Yup...over Copps. Grocery shopping and shooting the moon. On a Saturday night. If that shouts LOSER to you, I would not argue. Who grocery shops on Saturday night? I can tell you. No one. If there were others gazing indecisively at the Stouffer frozen dinners, or perhaps sampling the large selection of grapes - red, red seedless, green, green seedless, black, black seedless, red globe and organic - offered by our fine produce manage, Brad, I did not see them. I was alone. Not lonely, just alone.
Can't complain about the weekend though because Friday night was book group. Have I told you how much I enjoy and respect the women in this group? This month, we chose to watch a move, The Impossible, and had a solid discussion. At some point our chatter always drifts back to books we have read in the past, and generally settles on the titles we most disagreed upon - The Shipping News and The Life of Pi.
I can't even define for you why The Shipping News annoyed so many of us. For me, it was the over abundance of similes and metaphors. My preference is for more straightforward language. Symbolism is another story. For me, symbols provide mystery as well as giving each reader an opportunity to discover their own significance behind the words. That's why The Life of Pi worked for me. Even though we dealt with that title months ago, again last Friday, we found ourselves debating whether or not the tiger was real. Personally, it didn't matter to me; what mattered was that for Pi, the tiger was real. This is where it gets a little fuzzy though. Was he physically real, or just a reality manifested by Pi for survival? If the later is true, then was the tiger real or not? I suppose that all ties into where you, as a reader, are philosophically and/or spiritually. It's a great discussion and I guess we will return to it again at some point.
A new topic turned up on Friday, out of the blue - a worthy topic, debatable. How do you define a reader? It began with a comment about someone's colleague who finds little value in his college students reading Harry Potter and similar titles. Again, I straddled the issue, making a case for escapist reading, as opposed to reading for growth, inspiration and challenge. Is one purpose more valuable or correct than the other? Yes, 50 Shades of Grey entered this discussion. I won't revisit that topic; suffice it to say most people in our group have read it and have not sought out other mommy porn titles. Is that because they are "readers"? You decide.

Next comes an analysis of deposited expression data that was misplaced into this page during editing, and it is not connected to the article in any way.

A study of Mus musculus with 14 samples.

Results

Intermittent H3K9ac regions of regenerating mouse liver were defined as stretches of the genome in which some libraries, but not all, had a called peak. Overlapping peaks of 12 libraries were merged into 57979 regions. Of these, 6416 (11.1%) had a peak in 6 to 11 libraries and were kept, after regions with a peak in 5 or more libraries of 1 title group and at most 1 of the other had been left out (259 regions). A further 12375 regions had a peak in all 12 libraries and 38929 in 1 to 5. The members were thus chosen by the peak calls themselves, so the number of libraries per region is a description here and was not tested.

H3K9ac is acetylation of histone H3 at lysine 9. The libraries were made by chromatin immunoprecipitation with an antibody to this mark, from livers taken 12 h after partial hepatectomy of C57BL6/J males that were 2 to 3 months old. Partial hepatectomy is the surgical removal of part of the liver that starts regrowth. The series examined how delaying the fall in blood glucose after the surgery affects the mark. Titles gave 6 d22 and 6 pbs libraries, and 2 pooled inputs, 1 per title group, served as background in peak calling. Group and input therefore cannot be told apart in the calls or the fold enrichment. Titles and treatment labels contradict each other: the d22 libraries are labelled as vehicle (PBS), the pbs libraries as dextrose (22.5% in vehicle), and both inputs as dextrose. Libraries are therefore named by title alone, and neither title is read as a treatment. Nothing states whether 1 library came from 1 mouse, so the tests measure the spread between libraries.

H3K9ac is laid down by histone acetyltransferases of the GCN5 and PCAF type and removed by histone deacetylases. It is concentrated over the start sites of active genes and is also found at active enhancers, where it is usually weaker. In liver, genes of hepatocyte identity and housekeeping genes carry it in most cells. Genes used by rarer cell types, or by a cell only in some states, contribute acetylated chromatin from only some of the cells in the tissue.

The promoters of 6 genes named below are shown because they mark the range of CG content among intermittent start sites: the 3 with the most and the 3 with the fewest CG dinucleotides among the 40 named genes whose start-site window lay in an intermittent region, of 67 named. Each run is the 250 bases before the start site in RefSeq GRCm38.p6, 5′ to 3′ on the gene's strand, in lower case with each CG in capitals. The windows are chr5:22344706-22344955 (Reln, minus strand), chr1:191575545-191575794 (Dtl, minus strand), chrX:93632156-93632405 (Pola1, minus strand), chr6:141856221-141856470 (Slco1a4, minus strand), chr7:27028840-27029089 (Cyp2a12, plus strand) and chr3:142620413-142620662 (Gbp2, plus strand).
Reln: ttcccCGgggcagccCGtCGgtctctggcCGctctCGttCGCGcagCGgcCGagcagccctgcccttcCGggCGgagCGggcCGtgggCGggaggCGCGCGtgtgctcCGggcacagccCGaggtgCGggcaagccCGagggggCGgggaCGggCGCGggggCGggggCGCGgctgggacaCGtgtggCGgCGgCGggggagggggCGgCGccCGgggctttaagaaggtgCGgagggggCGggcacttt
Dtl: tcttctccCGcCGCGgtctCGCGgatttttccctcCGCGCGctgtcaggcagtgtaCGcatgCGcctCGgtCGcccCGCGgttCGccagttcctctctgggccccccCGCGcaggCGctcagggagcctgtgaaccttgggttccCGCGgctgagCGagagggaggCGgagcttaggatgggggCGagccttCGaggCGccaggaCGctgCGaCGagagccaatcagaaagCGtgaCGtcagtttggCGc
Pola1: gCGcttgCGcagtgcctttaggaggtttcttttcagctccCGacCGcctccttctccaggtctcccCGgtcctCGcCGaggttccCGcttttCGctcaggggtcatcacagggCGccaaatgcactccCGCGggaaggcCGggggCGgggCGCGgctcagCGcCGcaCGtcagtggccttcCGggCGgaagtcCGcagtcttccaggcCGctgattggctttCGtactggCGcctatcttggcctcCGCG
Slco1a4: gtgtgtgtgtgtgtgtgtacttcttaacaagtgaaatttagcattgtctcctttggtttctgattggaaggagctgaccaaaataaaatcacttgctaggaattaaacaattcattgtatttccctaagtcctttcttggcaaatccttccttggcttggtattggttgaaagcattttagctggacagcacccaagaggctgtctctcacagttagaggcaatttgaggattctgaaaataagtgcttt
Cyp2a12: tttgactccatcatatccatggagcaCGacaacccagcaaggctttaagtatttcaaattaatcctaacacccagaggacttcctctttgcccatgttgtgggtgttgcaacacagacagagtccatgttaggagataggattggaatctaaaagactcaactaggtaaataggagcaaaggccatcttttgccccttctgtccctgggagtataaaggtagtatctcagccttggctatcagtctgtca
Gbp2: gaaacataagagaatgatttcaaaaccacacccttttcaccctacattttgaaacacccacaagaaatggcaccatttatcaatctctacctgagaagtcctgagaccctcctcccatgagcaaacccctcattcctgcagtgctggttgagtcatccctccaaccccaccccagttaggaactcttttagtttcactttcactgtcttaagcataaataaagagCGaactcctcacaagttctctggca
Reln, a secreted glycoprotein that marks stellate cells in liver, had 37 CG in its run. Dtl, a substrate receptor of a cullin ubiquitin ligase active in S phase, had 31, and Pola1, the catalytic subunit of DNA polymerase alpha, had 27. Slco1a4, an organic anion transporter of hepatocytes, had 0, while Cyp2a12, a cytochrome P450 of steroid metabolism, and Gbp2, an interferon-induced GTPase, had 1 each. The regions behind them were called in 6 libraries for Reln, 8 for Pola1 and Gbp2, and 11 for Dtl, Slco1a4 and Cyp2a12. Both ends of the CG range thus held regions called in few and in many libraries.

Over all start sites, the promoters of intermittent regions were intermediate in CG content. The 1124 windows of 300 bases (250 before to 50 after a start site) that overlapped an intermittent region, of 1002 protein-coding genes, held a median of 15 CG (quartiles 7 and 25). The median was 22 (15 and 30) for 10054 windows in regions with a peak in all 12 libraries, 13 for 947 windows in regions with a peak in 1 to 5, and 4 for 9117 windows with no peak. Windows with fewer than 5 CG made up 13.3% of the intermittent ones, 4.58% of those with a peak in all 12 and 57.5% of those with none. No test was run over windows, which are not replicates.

What am I reading? I did not finish the 591 page beast as I had planned. My bookmark is currently nestled in at page 437. Night Film has taken a few twists in the last 100 pages, even referencing Stanley Kubrick who undoubtedly was the inspiration for the main (yet never seen) character Stanislaus Cordova. There have been secret ceremonies and allusions to ...opps...not going there. I don't want to give too much away. This book moves very quickly. If you plan to read it give yourself a concentrated amount of time time. You cannot walk away for even a day, and pick up without being a little lost. The characters travel fast, collect and compile information, and then jump right into another quagmire. I am having tons of fun with this book, but I will confess to being spooked by a few house sounds yesterday while I was lost amid mansions, antique shops, and underground fellowships.
Thanks for stopping by. I'll see you at the grocery store.